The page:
Racism and racial discrimination are key determinants of health and wellbeing. This means that experiences of racism have a direct and profound impact on the mental, emotional, physical and spiritual health of individuals and communities, as well as their ability to seek support and care when needed. Racist beliefs and behaviours in health care systems and practitioners also result in assumptions and attitudes that lead to bias in the safety and quality of care being accessed by First Nations Peoples, leading to poorer health and life outcomes. What’s more, health care models in Australia continue to operate on a Western understanding of health and wellbeing, often ignoring or undermining Aboriginal and Torres Strait Islander beliefs, cultures, languages, ways of knowing and connection to Country and kin.
Studies show that the most common health outcomes associated with racism toward Aboriginal and Torres Strait Islander peoples are general poor mental health and poor general health perception, with experiences of racism also leading to anxiety, depression, asthma, increased BMI, smoking and sleeping difficulties. This is because racism causes changes in physiological activities, including long term changes to brain functioning and neural circuits, that lead to permanent changes associated with disease. Understanding racism through an intersectional lens also highlights the impacts of racism on reduced access or increased barriers to other important areas such as employment, housing, poverty and education, which can be understood as social determinants of health.
A Lowitja Institute study on the mental health impacts of racial discrimination in Victorian Aboriginal communities also indicated a strong link between racism and social exclusion, with two-thirds of First Nations participants reporting being told that they didn’t belong in Australia, that they should “go home”, or “get out”.
The constant and cumulative effects of racism toward Aboriginal and Torres Strait Islander peoples since colonisation has resulted in an unacceptable health equity gap, which the National Agreement on Closing the Gap seeks to address. Clear evidence of this gap can be seen in the statistics on life expectancy, with a reduced life expectancy of 8.6 years for Aboriginal and Torres Strait Islander males and 7.8 years for Aboriginal and Torres Strait Islander females when compared to the wider non-Indigenous Australian population.
Recent studies from Harvard University also illustrate the impacts of racism on child development, where systemic racism and everyday discrimination have been shown to activate the stress response in children, leading to chronic illness as well as lifelong effects on learning, behaviour and mental health. Babies can even bear the negative impacts of racism before they are born. Maternal exposure to racial discrimination has been associated with fetal exposure to excess cortisol, fetal HPA axis activation (a major neuroendocrine system that controls reactions to stress), and higher rates of low birthweight.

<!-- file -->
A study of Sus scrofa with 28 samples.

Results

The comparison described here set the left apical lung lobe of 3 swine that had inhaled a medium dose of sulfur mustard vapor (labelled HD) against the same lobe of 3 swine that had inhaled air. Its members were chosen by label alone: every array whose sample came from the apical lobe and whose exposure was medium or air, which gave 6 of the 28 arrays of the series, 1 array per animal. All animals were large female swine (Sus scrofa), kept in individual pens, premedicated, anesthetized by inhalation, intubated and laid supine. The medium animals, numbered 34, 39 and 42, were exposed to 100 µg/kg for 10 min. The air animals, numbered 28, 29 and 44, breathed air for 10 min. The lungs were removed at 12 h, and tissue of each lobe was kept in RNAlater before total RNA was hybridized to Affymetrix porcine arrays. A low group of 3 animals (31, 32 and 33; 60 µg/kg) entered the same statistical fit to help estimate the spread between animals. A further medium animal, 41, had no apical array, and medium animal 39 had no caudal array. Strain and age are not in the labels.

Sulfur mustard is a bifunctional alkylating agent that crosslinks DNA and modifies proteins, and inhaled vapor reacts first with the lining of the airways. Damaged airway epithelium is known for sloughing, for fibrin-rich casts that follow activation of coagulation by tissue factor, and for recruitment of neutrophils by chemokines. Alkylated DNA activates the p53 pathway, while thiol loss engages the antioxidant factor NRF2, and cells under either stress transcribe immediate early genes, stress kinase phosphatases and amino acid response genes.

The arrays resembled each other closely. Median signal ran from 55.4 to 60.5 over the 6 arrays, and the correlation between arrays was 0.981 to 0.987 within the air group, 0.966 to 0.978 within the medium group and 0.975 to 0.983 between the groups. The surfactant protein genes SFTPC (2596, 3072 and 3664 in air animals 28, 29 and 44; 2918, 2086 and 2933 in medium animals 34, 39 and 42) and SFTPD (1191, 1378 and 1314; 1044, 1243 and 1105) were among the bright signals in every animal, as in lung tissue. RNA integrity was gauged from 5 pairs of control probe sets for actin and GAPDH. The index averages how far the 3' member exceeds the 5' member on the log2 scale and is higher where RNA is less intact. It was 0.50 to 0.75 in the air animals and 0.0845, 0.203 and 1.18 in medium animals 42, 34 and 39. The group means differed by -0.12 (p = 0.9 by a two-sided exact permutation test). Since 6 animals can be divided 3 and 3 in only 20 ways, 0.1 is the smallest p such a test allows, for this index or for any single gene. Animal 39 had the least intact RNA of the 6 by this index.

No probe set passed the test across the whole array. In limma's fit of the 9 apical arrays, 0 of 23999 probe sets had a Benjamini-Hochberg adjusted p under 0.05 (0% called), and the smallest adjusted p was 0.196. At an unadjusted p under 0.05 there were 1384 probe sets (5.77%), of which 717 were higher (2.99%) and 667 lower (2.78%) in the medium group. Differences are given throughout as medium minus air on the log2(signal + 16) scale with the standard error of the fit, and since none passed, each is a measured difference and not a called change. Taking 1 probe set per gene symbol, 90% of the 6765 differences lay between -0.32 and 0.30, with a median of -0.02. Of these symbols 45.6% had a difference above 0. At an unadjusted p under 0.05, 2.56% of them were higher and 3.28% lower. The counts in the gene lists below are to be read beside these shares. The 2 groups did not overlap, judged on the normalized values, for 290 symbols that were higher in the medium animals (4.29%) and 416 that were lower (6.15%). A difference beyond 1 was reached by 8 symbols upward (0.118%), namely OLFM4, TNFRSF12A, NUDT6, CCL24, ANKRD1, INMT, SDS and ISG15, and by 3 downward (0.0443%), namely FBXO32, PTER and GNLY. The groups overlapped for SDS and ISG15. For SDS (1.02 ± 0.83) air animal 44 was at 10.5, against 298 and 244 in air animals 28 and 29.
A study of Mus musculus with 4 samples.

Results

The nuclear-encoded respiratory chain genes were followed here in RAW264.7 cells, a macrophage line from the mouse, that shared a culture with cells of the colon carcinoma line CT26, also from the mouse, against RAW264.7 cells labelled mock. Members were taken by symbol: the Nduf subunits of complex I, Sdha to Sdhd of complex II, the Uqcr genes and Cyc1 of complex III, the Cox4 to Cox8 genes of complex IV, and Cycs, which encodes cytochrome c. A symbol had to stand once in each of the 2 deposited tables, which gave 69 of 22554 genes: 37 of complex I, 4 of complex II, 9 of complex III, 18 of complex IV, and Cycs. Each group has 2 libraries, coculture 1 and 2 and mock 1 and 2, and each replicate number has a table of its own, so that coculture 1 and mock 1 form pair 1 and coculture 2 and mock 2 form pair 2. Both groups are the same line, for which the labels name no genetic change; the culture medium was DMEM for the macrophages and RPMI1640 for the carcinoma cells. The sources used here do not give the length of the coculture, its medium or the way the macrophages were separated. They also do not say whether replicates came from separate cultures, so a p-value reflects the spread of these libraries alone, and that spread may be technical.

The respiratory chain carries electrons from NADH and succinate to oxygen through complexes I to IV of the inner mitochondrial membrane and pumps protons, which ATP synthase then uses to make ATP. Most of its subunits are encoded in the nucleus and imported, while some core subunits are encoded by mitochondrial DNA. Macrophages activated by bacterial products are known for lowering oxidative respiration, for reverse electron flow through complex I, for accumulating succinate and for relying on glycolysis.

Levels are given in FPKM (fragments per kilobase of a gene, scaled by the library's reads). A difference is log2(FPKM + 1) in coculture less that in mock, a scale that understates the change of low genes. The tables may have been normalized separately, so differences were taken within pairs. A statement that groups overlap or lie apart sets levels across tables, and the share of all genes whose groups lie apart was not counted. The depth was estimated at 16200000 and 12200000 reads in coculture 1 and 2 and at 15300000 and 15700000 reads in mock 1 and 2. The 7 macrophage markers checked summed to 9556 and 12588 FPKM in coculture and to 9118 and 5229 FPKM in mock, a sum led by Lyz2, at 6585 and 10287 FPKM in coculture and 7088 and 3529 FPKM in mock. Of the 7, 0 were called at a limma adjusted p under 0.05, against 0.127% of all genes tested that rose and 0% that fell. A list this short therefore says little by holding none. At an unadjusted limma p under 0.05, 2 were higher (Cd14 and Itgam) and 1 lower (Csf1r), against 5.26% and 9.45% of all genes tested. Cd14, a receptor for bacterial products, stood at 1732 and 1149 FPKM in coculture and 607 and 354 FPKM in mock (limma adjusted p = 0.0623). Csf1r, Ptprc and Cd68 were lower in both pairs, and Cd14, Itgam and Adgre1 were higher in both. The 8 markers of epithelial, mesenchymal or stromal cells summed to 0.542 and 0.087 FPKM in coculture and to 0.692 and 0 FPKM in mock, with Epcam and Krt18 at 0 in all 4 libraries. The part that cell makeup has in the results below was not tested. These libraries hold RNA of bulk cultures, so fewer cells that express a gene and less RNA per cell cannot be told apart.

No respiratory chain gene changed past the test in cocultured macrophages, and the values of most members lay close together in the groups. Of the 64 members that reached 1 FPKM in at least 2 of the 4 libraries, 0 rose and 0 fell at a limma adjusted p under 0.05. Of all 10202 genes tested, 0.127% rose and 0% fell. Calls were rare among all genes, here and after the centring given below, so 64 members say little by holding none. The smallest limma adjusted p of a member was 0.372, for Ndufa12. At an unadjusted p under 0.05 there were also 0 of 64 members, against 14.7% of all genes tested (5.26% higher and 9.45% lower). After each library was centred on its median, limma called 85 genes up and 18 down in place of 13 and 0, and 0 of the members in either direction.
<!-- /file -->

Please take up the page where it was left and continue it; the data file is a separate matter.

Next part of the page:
Racism also has a clear economic impact. For example, an estimate of health-care-related costs from racial inequalities in the USA over a four-year period was US$229 billion, along with a loss of $1 trillion due to lost productivity from illness and premature deaths. Similar work estimated that, from 2001 to 2011, racism cost the Australian economy 3 percent of annual gross domestic product.
The importance of truth-telling
Truth-telling and truth-listening processes are a crucial element to addressing the deep-seated prejudice that many Australians still hold toward the First Peoples of this continent, a peoples who possess the world’s oldest continuous culture.
Truth-telling – whether community-driven or state-led – works by engaging the wider public in processes of open dialogue and revealing truth that has previously been buried or silenced. This process facilitates deep listening to survivor memories and individual and collective stories of the impact that both previous and contemporary government policies and practices have had on individuals, families and communities.
In understanding how government policies and systems have shaped, and continue to shape, the way Australia perceives non-Western cultures, we begin to actively question biases and break down the structures which work to further marginalise individuals and communities. We are also asked to confront and rethink narratives and stereotypes that we have previously accepted, and to understand the systemic racism that is present in our society.
Deeply listening to the truth-telling of Aboriginal and Torres Strait Islander peoples can unsettle the foundational myths of our nation and begin the process of rebuilding our society based on justice, respect and self-determination. In this way, we build confidence in calling out racism where it becomes easier to identify and establish a zero tolerance approach.